I finally found an illustrator! I guess the real fun begins now, right? The idea of being a little closer to publishing my first book excites me to no end. But I still get butterflies thinking about having something I’ve written out there for all the world to see. I have been seeking an illustrator for a while, as many of you know, and have finally decided who I would like to work with. So what happens next?
Now, we spend the next few months drafting the illustrations, going through reviews and approvals, determining release dates, and printing! So far I’ve learned that illustrating can be quite an expensive investment. I’ve had to make some financial adjustments. Some of those adjustments include coming up with some creative ways to finance this book (more on that later).
Some writers want to profit as much as possible off of their work. And why not? As writers we put our blood, sweat, and tears into our creations. We should get as large a return on our investment as possible. In order to make that happen, some writers choose to illustrate themselves rather than hiring an illustrator. A few of my friends have suggested I illustrate my book myself because I’m a pretty good artist. While I do an okay job doodling cute little creatures on the whiteboard in the classroom, I’m certainly no illustrator. I’m overwhelmed enough with learning the general publishing process. The last thing I need to do is lose my mind trying to learn the separate process of illustrating. Additionally, because of my limited budget, I already have to make some cuts financially to make this book happen. Therefore, I need it to look as professional as possible. I don’t think that would be achieved with me doing the illustrations myself. This doesn’t mean I won’t choose to illustrate some of my future works myself – just not at this time. For now, hiring an illustrator is what (I believe) will work best for me. Of course, this is a personal decision for any writer. So do what makes you feel comfortable.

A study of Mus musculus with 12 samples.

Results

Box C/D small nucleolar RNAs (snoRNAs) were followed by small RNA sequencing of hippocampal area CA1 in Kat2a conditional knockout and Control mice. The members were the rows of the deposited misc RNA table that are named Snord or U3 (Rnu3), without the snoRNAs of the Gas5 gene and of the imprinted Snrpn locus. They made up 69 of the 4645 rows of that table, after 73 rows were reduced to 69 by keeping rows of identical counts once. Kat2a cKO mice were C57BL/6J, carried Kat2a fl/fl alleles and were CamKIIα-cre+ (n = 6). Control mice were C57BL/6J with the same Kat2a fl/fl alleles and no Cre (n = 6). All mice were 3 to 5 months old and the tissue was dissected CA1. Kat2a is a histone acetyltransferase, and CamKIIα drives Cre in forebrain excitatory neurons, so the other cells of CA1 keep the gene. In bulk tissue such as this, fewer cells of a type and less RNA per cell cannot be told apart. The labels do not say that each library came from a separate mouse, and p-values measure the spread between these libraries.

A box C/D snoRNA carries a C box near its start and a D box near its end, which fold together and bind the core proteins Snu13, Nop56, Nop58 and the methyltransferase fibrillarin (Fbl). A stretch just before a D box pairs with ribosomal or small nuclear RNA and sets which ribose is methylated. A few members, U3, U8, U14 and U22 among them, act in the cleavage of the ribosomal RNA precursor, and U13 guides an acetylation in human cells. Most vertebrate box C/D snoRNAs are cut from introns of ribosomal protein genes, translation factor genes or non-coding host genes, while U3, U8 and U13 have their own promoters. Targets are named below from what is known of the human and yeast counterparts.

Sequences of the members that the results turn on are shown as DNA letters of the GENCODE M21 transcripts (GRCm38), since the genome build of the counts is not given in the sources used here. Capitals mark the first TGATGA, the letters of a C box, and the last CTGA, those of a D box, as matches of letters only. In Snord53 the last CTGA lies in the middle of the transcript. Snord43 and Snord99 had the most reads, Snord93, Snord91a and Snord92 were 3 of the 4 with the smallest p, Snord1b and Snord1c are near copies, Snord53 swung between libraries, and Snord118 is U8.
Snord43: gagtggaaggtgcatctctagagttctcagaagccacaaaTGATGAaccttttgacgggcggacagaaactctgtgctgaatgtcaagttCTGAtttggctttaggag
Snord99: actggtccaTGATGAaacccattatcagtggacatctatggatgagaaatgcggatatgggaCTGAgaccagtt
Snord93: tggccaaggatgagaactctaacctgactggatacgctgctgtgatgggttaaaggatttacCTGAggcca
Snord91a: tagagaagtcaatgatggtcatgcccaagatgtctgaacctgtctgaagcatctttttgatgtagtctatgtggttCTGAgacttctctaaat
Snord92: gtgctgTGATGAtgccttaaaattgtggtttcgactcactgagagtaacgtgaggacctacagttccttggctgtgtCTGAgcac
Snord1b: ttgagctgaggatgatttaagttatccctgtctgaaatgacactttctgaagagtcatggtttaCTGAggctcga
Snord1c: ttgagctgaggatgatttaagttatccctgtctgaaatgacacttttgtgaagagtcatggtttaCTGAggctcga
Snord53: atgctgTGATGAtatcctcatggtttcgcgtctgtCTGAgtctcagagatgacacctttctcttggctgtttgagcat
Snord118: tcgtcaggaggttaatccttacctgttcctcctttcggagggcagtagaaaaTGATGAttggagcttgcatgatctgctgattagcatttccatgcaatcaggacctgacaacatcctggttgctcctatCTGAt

While I work side-by-side with my illustrator on my first picture book, I will be simultaneously revising my next picture book manuscript, and working desperately to meet my novel deadline. Writing doesn’t stop. I can not put all of my eggs in one basket. As I get my first book to completion, I look forward to celebrating its release, but the writing must go on. My primary focus is to get this book published while learning the process of self-publishing. Once published, the focus shifts to the next book – not basking in the glow of publication. I will continue to write and work to get my next book published, which (in theory) should be a simpler, more familiar process. Wish me luck.